Schott Solar Expands US Production, Hires 60

Less than nine months after beginning production at its new Albuquerque facility, Schott Solar this week announced the expansion of its photovoltaic (PV) module production line. PV production will double, from two shifts to four shifts on a rotating schedule, effectively creating a 24 hour-a-day, 7 days-a-week production capacity at Schott Solar’s flagship facility.

In order to meet this increased production schedule, Schott Solar has been hiring up to 10 new employees per week since the first of November. The majority of the new positions have been PV Production Technicians. In addition to more than doubling the ranks of Production Technicians, new Materials Handlers and Tech Services/Facilities Technicians positions have also been filled.

These 60 new employees will bring the PV production lines to full capacity of 160 employees by the end of December.
 
“Creating jobs in today’s economic environment is a tremendous achievement for any company,” said Dr. Gerald Fine, CEO & President, Schott Solar, Inc. “To be able to almost double our PV workforce in such a short time is a testament to the hard work and dedication of the people who have been with us from the start. They put in the work that allows us to grow.”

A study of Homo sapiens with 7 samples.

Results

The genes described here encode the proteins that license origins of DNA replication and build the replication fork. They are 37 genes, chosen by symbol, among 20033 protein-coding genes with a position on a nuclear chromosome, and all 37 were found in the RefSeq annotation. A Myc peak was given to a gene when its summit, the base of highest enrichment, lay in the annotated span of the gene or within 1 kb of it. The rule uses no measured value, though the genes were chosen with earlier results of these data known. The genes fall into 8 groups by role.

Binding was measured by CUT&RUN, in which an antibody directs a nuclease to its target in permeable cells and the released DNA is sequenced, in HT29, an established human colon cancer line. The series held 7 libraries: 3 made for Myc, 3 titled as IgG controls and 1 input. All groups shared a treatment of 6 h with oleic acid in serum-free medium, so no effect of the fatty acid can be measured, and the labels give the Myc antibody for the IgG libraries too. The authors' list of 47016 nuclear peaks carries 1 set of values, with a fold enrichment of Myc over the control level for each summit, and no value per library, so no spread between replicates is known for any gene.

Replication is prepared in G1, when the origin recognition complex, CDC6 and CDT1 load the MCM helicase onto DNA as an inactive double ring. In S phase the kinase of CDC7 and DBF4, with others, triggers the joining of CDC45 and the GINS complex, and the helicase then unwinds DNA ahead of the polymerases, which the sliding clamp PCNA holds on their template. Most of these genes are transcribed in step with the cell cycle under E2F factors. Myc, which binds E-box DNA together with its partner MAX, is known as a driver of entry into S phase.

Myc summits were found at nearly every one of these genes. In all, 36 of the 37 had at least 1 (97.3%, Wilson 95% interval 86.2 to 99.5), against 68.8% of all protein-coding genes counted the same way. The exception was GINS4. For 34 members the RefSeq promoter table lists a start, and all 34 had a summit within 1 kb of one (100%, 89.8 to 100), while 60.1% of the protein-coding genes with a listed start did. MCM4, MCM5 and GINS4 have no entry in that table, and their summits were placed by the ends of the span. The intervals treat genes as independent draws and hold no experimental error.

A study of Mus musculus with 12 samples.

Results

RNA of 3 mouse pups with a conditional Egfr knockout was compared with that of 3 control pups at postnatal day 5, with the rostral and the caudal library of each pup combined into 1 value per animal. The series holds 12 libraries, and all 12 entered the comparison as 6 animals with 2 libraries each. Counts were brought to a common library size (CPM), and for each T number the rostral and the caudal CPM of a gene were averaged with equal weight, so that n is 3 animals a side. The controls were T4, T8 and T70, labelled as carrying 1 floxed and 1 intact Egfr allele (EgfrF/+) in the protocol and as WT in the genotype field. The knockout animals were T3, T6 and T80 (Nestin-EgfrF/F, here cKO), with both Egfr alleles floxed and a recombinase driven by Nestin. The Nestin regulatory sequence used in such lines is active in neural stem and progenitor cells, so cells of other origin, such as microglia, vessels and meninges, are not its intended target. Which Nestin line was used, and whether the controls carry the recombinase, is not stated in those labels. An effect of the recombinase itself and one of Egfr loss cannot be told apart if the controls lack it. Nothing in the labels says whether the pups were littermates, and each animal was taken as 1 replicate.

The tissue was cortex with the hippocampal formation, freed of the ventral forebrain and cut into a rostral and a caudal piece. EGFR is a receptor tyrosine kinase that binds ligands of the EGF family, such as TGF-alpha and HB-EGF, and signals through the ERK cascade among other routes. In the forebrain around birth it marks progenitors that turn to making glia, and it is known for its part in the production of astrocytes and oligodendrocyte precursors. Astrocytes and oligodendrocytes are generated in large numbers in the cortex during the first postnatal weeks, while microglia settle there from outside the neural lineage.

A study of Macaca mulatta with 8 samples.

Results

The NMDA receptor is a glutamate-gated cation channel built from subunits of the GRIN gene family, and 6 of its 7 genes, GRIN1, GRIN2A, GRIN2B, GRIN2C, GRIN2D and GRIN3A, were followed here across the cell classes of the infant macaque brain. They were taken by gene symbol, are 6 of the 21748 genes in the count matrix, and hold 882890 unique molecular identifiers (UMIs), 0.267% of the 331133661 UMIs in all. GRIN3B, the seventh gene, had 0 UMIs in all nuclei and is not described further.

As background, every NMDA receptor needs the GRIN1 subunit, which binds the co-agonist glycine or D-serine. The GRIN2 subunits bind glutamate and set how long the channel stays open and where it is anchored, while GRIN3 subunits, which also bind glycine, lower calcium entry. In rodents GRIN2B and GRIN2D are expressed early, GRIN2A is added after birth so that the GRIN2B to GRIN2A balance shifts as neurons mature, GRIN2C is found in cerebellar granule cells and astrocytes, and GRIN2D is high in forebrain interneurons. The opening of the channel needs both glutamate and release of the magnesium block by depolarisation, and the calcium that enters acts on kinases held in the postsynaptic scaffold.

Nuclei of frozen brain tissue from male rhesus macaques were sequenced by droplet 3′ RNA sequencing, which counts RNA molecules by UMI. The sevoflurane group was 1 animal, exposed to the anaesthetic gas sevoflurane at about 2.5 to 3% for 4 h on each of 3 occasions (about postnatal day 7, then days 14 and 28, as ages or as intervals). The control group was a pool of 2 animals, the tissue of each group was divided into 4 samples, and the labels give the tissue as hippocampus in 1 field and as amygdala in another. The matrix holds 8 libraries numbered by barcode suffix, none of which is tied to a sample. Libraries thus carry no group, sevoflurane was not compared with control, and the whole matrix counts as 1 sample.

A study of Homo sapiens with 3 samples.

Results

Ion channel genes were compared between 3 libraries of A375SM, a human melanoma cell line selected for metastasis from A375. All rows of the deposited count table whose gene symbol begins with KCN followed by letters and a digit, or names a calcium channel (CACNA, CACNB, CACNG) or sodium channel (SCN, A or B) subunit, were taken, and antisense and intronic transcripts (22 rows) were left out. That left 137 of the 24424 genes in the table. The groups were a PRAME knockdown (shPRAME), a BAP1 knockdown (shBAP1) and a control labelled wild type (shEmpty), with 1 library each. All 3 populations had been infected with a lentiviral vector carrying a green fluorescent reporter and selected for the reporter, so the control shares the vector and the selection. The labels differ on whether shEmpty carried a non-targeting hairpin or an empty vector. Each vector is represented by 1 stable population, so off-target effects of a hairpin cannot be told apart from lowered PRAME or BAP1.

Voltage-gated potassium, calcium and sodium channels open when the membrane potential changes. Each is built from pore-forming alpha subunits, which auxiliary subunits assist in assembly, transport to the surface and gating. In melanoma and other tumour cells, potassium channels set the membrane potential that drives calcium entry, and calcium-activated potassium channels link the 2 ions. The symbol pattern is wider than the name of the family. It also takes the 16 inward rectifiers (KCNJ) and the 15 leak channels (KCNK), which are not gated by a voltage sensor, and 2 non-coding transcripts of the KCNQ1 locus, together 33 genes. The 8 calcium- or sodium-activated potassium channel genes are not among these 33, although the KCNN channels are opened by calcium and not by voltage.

Click here to see more jobs open at Schott Solar.

Earlier this week, The Obama Administration hosted a green jobs summit aimed at finding ways the federal government could help create green jobs in the U.S. as part of the continuing recovery. The White House is now calling for an expansion of the Advanced Energy Manufacturing Tax Credit, which was authorized earlier this year as part of the stimulus package.

The White House stated that the original US$2.3 billion program was over-subscribed, and that an additional $5 billion could go to applicants turned down when the money ran out.

Manufacturers were all in support of the White House plan, but more support came from the United Steel Workers Union (USW), which has expressed concern in recent weeks about energy manufacturing jobs leaving the country.

“In recent weeks, the USW has raised substantial concerns about projects — such as the Texas Wind Energy Project — that exposed the need to rapidly increase domestic manufacturing capacity to ensure that the U.S. is a leader in the clean and green economy of the future,” said Leo Gerard, international president of the United Steelworkers (USW). “Expanding alternative and renewable power generation must be coupled with the expansion of the capacity to produce the power generation equipment itself. President Obama’s commitment to this $5 billion will do exactly that.”

There is no indication when this extension might make it to the floor of Congress, if at all. But it may conceivably be attached to the climate bill currently stalled in the Senate after the holiday recess.